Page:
Bees work hard for us
Healthy bees are part of a healthy environment and a healthy food chain. We need them, and right now, they need us. Bees are hard-working insects that we couldn’t be without.
Bees are integral to our food chain. One third of the world’s food is pollinated by bees. They pollinate our food crops, orchards and paddocks. Bee pollination plays a significant role in our kiwifruit, pipfruit, avocado, citrus, berryfruit and some vegetable crops. Growers will truck hives around the country to ensure thorough pollination of their crops. Without bees we would not have many varieties of fruit and vegetables, not to mention food crops for animals.
But bees are in decline
Over the last decade or so, bee populations have been hit by a variety of threats, including varroa mite and neonicotinoid poisons. Bee Colony Collapse Disorder, first identified in the USA in 2006, has been devastating beehives across Europe and America. New Zealand is ripe for similar problems because we have many of the precursors of the disorder.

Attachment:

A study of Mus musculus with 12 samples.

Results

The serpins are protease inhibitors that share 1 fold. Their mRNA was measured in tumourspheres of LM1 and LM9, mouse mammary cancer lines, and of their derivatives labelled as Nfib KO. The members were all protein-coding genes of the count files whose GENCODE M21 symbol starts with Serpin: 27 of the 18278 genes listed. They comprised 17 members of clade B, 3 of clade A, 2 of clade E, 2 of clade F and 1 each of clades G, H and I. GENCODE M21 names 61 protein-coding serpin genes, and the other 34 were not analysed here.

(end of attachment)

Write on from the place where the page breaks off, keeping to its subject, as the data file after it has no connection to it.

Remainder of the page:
Neonicotinoids (neo-nic-ot-in-oids or neonics for short) are a group of toxins used to kill a wide range of insect pests, but unfortunately they kill bees as well. Using neonics doesn't make sense when people all over the world are trying to save bees.
Neonicotinoids are used for coating all sorts of seeds, and traces go right through growing plants into the nectar and pollen, and hurt bees.
Neonicotinoids are also used as sprays on plants in commercial operations. You can even buy neonicotinoid poisons at your garden centre. Yates Confidor, Rose Gun Advanced, KiwiCare Rose Force and KiwiCare Insect Hit are common labels.
The use of neonicotinoid insecticides runs contrary to efforts to help bees with the vital work they do.
We believe neonicotinoids should be taken off our shelves and out of our environment to help bees. We can have a healthy food chain, a healthy ecosystem and healthy environment that includes bees and other pollinators doing their important work.